Applied Behavior Analysis (ABA) Therapist Salary and Career Info

Oct 07, 2019

Learn about the education and preparation needed to become an applied behavior analysis (ABA) therapist. Get a quick view of the requirements as well as details about degree programs, job duties, and salary to find out if this is the career for you.

An applied behavior analysis therapist works with patients, often children, with developmental disabilities such as autism. These therapists work to improve positive behaviors and minimize negative ones, all while improving quality of life and promoting socially useful skills.

Essential Information

An applied behavior analysis (ABA) therapist studies and modifies patient behavior by controlling the environment. These professionals often work with autistic individuals. While ABA therapists are required to have a bachelor's degree in psychology, many hold a master's or Ph.D. in the field. ABA therapists may work in a school, consulting firm, or social service organization, or they may own their practice.

Required Education Bachelor's degree in psychology; graduate degree is common
Projected Job Growth (2018-2028) 18% (for occupational therapists)*
Median Salary (2019) $35,138 for ABA therapists**

Sources: *U.S. Bureau of Labor Statistics (BLS), **

ABA Therapist Salary Information

According to, as of 2019 the median annual salary of an ABA therapist ranged between $25,000 - $54,000. This salary is dependent on job location, level of degree, and amount of experience.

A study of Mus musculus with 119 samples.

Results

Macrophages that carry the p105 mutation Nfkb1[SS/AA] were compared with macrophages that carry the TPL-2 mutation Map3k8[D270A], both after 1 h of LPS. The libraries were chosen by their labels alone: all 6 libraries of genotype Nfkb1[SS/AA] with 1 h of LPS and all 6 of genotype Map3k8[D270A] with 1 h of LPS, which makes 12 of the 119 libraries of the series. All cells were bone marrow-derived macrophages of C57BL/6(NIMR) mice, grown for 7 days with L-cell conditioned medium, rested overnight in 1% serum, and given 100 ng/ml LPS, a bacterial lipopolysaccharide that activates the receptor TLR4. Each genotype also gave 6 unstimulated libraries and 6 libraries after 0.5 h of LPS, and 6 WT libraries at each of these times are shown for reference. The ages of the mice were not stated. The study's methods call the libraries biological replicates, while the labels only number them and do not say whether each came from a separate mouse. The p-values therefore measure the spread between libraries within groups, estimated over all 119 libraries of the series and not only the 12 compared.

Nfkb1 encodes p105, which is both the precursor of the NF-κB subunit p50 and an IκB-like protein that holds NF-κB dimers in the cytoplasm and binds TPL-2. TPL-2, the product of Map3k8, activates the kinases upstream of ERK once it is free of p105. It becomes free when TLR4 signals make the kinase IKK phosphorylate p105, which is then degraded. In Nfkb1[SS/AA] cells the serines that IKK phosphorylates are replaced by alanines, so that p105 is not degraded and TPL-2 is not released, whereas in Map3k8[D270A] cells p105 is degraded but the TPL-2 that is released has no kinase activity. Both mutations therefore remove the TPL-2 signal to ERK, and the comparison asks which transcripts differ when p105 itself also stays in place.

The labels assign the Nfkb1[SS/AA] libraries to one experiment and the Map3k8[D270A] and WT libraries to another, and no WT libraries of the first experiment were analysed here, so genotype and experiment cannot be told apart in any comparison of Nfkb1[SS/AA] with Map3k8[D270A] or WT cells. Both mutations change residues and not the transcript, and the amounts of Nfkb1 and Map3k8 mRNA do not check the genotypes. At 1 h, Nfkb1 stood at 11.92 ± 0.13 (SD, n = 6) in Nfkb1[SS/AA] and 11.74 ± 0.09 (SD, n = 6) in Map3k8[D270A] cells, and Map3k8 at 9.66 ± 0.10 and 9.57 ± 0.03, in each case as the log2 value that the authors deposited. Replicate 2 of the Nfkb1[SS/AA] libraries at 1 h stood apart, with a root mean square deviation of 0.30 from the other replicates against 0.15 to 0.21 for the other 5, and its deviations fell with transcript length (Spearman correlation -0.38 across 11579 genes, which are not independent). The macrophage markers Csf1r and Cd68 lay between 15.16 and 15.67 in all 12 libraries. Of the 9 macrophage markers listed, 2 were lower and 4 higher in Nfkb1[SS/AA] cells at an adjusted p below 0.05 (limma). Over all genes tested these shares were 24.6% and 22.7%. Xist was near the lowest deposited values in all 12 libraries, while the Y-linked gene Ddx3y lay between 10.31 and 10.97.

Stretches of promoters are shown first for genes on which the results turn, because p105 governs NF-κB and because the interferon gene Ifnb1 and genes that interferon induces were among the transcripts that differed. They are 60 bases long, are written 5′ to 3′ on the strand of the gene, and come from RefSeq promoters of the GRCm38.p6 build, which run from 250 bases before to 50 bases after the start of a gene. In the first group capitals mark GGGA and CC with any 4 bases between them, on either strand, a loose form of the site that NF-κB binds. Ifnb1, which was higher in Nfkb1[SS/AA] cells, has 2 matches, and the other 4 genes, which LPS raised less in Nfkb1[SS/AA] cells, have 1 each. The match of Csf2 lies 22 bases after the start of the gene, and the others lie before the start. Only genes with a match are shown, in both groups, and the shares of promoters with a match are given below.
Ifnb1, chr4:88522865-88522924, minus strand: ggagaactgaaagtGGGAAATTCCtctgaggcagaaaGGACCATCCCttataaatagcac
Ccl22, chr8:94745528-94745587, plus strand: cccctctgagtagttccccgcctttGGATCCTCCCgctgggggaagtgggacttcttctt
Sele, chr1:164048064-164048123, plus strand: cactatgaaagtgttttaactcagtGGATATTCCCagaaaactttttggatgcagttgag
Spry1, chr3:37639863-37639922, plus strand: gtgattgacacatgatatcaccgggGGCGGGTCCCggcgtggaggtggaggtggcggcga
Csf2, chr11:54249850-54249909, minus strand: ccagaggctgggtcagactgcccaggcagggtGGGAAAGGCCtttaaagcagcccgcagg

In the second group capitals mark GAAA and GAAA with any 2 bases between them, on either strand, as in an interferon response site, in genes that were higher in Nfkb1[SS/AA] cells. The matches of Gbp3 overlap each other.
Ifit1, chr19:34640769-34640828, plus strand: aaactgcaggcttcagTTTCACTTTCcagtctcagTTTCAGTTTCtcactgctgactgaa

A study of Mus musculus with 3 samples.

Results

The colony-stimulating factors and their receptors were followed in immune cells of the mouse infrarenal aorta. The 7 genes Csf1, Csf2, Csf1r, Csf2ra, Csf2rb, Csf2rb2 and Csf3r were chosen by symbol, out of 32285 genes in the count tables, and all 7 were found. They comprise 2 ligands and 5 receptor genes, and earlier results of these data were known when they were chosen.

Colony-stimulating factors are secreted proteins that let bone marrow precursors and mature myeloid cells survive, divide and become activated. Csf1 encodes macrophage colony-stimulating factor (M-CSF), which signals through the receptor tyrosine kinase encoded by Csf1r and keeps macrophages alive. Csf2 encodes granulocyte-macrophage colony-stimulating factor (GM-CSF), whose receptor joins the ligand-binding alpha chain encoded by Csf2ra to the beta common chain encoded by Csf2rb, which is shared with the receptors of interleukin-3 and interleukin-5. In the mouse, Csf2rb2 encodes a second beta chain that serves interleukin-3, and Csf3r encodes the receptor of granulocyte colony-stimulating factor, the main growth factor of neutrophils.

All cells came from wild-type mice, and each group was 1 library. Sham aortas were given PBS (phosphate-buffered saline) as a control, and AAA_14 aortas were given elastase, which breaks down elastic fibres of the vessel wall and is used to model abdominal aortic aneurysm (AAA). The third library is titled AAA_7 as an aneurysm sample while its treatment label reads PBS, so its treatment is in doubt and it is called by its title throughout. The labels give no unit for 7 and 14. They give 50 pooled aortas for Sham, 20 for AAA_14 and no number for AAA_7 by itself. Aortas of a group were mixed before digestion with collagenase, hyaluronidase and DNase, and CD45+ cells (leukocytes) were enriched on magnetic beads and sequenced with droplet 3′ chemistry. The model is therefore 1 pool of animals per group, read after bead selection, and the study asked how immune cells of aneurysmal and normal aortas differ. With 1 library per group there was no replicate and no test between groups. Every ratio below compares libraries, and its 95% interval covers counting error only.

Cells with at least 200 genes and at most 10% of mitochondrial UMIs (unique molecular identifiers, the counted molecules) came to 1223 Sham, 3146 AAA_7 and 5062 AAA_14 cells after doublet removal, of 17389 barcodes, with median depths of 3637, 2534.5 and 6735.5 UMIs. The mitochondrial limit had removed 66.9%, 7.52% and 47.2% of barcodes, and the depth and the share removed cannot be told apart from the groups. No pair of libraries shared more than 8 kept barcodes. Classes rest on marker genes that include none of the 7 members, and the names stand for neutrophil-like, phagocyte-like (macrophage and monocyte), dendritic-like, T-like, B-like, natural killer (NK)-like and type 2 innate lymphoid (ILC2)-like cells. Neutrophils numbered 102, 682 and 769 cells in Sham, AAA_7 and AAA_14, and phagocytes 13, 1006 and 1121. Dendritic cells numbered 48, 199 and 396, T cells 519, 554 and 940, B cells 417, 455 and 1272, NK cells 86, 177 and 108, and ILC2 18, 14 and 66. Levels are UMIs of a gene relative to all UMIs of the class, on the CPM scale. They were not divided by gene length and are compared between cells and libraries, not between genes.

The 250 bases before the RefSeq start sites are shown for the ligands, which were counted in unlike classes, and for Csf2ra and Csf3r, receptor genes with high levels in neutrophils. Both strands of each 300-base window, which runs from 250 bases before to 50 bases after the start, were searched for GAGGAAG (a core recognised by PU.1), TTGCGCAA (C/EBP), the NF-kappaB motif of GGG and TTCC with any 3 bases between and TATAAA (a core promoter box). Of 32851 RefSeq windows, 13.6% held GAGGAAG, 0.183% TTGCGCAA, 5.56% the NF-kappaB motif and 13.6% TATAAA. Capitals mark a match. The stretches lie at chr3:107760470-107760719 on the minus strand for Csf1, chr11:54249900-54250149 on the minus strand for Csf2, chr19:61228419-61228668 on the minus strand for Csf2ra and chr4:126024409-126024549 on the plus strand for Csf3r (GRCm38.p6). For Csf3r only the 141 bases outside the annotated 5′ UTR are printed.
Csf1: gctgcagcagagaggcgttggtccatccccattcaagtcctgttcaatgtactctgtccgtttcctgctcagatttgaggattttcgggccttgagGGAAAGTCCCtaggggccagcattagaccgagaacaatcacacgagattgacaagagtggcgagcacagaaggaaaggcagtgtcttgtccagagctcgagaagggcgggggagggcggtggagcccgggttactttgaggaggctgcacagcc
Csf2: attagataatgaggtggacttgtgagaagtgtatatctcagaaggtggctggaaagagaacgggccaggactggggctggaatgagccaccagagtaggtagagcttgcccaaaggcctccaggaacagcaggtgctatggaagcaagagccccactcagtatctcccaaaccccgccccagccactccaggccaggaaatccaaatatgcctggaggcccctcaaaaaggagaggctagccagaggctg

ABA Therapist Career Information

ABA therapists often work with children living with developmental disabilities, primarily autism. Some therapists work in group settings while others work individually with their patients. Therapists practice the ABA process of therapy to improve growth, development, and quality of life.

According to the American Occupational Therapy Association, Inc., ABA therapists use the scientific principles of behavior to build socially useful skills and to reduce problematic ones. Principles of ABA are used for children with autism to guide functional behavioral evaluations and to design intervention and instructional programs. ABA focuses on teaching small, measurable units of behavior through systematic practice, including specific cues, possible prompts, consequences, repetition, and generalization to other settings.

The job market looks promising for ABA therapists. According to the U.S. Bureau of Labor Statistics, employment for occupational therapists was expected to increase by 18% between 2018 and 2028 for occupational therapists, which is much faster than the average for other occupations.

The demand for occupational therapists should continue to rise as a result of the increasing number of individuals with disabilities or limited function who require therapy services. Employment growth in schools will result from the expansion of the school-age population and the federally funded extension of services for disabled students. Therapists will be needed to help children with disabilities prepare for enrollment in special education programs.

ABA therapists study, research and work with patients and their behavioral patterns. Often ABA therapists work with children with developmental disabilities such as autism, either one on one or in group settings. ABA therapists have a background in scientific principles of behavior. Their salary ranges based on experience.